Blowing the whistle on kids’ career choices


Pink Batts national market manager Dion Hurinui says in order to support the recruitment of tomorrow’s referees it is important to get a snapshot of current perceptions.
“These research findings have highlighted some significant opportunities, which we are really excited about,” Mr Hurinui says.
41% of primary school children surveyed ranked fireman, policeman, army, navy or air force in their top three career choices. Rugby referees were ranked as the least attractive career on the list.

When asked why rugby referee was not one of their top three choices, 31% said “don’t know much about what they do,” and 24% said that being a rugby referee “doesn’t sound or look like much fun”.
“We are very passionate about our new relationship with New Zealand’s rugby referees, and we are keen to play our part to highlight the positive aspects of being a referee and their contribution to the game,” Mr Hurinui says.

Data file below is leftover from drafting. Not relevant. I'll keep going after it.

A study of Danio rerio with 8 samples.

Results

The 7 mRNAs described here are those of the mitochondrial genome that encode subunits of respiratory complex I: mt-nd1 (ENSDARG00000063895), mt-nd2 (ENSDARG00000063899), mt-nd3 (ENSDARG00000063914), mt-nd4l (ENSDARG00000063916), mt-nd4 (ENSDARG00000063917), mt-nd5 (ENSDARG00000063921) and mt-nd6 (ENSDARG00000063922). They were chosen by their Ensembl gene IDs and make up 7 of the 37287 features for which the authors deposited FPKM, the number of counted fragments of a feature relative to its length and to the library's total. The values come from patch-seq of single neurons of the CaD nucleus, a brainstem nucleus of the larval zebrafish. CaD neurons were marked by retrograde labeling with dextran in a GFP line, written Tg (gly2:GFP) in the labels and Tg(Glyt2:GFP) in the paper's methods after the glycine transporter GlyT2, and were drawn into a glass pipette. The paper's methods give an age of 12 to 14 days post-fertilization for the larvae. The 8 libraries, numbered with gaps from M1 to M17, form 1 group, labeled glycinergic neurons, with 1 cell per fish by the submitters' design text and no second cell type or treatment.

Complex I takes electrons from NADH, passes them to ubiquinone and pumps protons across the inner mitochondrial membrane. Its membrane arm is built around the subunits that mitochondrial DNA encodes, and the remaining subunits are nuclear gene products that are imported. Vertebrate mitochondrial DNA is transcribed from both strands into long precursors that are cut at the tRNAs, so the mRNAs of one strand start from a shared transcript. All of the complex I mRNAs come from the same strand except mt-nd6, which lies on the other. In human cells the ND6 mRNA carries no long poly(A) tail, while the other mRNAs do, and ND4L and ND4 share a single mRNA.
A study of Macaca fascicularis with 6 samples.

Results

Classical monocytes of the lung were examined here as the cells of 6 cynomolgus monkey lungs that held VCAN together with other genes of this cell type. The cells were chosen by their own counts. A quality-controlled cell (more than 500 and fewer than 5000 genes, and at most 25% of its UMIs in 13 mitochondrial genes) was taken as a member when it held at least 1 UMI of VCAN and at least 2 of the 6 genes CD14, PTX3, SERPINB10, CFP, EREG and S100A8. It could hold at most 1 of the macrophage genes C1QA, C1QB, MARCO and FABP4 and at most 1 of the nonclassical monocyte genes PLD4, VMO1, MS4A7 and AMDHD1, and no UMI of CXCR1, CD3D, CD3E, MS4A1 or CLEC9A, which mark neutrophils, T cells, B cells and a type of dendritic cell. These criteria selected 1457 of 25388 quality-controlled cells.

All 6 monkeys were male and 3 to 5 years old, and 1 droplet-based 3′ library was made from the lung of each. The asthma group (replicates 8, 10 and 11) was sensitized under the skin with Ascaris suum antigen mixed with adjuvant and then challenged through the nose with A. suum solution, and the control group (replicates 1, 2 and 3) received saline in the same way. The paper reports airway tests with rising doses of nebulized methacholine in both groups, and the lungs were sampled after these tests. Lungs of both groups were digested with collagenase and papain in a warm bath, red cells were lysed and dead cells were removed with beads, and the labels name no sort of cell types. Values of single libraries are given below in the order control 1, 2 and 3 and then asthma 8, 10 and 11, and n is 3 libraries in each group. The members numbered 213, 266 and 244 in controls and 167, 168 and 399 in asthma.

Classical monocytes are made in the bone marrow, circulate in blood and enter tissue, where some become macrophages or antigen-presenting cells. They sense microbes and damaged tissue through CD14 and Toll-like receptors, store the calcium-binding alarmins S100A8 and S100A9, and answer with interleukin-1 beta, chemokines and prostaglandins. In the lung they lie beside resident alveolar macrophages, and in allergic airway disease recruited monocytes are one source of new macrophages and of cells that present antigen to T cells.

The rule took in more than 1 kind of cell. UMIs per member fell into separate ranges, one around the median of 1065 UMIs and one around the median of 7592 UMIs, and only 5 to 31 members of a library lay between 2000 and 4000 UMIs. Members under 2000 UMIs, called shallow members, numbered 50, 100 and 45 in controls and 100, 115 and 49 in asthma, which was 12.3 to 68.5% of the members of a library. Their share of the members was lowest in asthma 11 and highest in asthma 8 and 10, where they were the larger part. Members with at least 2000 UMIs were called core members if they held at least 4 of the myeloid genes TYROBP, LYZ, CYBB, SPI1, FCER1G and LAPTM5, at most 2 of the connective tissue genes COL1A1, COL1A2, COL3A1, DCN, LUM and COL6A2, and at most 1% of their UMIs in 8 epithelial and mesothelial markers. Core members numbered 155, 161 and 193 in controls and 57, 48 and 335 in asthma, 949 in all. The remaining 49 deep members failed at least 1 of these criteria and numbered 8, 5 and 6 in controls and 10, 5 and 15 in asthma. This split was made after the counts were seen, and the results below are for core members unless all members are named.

“We might even get these children to change their minds about refereeing.”

New sponsorship deal

The new sponsorship deal sees Pink Batts sponsoring referees across the Investec Super Rugby, ITM Cup and Pink Batts Heartland Championship for three years.
The pink uniforms are being extended to referees in the Women’s Provincial Championship, and Pink Batts also has naming rights to the Pink Batts Heartland Championship.
“Refereeing is actually a great way to be involved in the game,” New Zealand’s top referee Chris Pollock says.

“We work hard and train hard because it’s a fast game, and we have to keep up! I get the best seat in the house, and we get amazing opportunities to travel and see the best teams in the world playing the game.
“This is a fun job with some great experiences, so if I can do my bit to encourage others to pick up a whistle then count me in,” Mr Pollock says.